I’ve lost track of how long we’ve been here without much contact with the outside world. I know that sounds melodramatic. We do have phone calls and texts from children and friends. But last evening I heard a car come up the driveway and I sent John to the door because I was not prepared to talk to someone else. It turned out to be a neighbour, delivering a letter that had ended up in his mailbox. I talked to him a little through the screen door, from a distance, and maybe he didn’t notice that I’d cut my own hair the day before, scissoring a foot off and tossing it into the woods, then asking my husband to even it out a bit.
I thought of how easily one adjusts to solitude. It doesn’t mean I don’t get lonely. Some days are longer than others. I feel in a way as I did when I lived on an island off the coast of Connemara and left once every week or two to buy groceries in the nearest small town. There were no stores on the island. I lived alone in an old stone cottage and although some of the other 60 residents of the island were friendly enough, I wasn’t of them and would never be. I’d miss the strangest things in that year I spent on the island. Warm baths (I had two basins and a rainwater tank), someone to read aloud with, as we read the Odyssey this winter. Now I miss my grandchildren and their parents, though we do get to see them via Skype from time to time. And it probably won’t be forever, though some days it feels like that.
I thought too of that post-apocalyptic poem of Edwin Muir’s this morning. In it, something has happened, a war, and a couple of survivors are visited by horses, willing to accept the harnesses that would allow them to pull a plough. But before the horses come, there’s a passage both chilling and realistic. After what has happened, who wants the world as it was?
By then we had made our covenant with silence,
But in the first few days it was so still
We listened to our breathing and were afraid.
On the second day
The radios failed; we turned the knobs; no answer.
On the third day a warship passed us, heading north,
Dead bodies piled on the deck. On the sixth day
A plane plunged over us into the sea. Thereafter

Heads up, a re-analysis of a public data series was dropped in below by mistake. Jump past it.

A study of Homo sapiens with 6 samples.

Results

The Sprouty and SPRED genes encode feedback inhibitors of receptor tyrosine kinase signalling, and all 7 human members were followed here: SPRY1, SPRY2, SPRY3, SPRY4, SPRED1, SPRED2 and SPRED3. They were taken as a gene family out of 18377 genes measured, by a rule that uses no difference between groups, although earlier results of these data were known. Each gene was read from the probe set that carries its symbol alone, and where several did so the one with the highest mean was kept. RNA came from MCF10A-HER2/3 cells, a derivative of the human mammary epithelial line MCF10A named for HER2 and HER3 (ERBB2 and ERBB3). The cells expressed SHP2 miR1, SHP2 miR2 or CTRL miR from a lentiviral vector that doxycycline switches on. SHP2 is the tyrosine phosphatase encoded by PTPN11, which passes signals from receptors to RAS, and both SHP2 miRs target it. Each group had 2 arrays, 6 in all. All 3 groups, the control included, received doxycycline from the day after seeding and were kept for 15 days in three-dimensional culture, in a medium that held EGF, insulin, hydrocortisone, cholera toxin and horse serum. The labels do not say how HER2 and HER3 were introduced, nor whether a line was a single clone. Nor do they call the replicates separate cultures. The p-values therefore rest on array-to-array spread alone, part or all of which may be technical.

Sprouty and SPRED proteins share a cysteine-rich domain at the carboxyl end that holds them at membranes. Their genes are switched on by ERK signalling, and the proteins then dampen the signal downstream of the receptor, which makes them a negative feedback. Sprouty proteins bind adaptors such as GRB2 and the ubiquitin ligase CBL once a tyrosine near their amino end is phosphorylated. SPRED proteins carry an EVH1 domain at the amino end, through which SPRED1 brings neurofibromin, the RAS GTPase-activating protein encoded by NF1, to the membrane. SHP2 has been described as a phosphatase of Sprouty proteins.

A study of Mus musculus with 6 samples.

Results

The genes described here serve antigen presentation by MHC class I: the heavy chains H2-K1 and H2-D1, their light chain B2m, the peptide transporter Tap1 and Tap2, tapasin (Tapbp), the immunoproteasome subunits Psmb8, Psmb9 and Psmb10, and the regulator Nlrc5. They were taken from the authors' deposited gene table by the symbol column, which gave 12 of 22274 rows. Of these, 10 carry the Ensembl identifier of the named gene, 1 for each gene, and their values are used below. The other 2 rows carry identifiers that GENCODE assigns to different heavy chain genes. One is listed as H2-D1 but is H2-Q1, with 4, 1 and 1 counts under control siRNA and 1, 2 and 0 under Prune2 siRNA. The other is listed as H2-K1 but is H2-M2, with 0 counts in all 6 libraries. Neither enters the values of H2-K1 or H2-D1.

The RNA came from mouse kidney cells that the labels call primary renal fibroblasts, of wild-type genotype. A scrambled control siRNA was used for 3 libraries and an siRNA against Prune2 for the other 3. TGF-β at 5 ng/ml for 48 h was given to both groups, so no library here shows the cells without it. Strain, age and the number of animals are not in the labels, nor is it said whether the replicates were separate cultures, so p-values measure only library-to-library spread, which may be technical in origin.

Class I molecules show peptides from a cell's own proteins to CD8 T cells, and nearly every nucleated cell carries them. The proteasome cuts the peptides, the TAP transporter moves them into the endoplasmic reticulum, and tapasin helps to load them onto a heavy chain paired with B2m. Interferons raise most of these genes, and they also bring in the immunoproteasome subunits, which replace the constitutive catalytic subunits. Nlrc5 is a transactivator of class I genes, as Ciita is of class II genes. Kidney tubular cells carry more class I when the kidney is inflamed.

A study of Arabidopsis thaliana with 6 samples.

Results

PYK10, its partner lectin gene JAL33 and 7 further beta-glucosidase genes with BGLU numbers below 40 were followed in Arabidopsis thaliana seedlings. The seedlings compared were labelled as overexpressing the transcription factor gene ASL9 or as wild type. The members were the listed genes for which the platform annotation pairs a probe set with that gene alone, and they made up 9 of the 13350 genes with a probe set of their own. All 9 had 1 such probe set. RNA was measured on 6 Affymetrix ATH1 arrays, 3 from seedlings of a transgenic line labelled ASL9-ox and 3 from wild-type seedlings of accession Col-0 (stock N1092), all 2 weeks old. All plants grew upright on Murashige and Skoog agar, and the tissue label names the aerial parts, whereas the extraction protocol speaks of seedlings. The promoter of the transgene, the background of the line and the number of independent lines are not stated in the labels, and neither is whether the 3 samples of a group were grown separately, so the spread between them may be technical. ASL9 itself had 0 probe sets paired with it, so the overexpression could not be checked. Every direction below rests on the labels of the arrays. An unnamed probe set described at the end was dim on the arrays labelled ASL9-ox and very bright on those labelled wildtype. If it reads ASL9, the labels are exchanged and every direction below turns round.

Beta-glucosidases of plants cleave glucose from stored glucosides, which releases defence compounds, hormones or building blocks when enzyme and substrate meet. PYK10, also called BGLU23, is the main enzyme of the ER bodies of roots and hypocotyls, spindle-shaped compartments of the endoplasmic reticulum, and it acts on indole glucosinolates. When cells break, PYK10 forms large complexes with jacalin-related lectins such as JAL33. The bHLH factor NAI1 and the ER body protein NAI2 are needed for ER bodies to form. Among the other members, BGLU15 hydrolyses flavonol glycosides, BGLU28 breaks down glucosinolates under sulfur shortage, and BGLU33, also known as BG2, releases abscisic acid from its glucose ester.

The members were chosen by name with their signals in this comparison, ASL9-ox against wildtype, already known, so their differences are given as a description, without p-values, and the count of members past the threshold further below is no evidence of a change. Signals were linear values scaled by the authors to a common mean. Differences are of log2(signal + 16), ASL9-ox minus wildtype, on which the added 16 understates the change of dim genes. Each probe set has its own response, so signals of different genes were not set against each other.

Nothing. The radios dumb;
And still they stand in corners of our kitchens,
And stand, perhaps, turned on, in a million rooms
All over the world. But now if they should speak,
If on a sudden they should speak again,
If on the stroke of noon a voice should speak,
We would not listen, we would not let it bring
That old bad world that swallowed its children quick
At one great gulp. We would not have it again.
We do have a radio and we listen to the Prime Minister every morning. We listen to Dr. Bonnie Henry. Yet it seems unlikely that we will have the old world again. I can’t imagine that we will take our safety and freedom for granted in the way that we did. Will we move through airports without thinking about potential viruses or jostle up against people in line-ups again? I wonder.
This morning it wasn’t a horse that came to offer itself to our work. But looking out while drinking my coffee I saw the Steller’s jay that arrives most days for the seeds I leave on a deck post. Its blue is a colour I dream of, even saw within my own eyes during an accident last year when a fall resulted in torn retinas. The ophthalmologist shone a light into my eyes and among the several entoptic phenomena I experienced was the blue field, the richest blue imaginable within my own vision. I knew it at once as the colour I try for when I dye with indigo. In Werner’s Nomenclature of Colours, indigo is described as Berlin blue, a little black, and a small portion of apple green. The sample provided is clear and true. I see it in the jay’s feathers, his pretty eyebrows.
So a single car coming up the driveway to deliver a stray letter, a bird on the railing, and the occasional jet contrail as a plane passes far out to sea, on its way perhaps from Alaska to California. The horses in Edwin Muir’s poem are described as arriving as though “Dropped in some wilderness of the broken world,/Yet new as if they had come from their own Eden.” The jays are lucky. They don’t know about the graphs and models, the curves flattening or rising, the stock market’s fall, what we’ve lost as a species, and what is yet to come.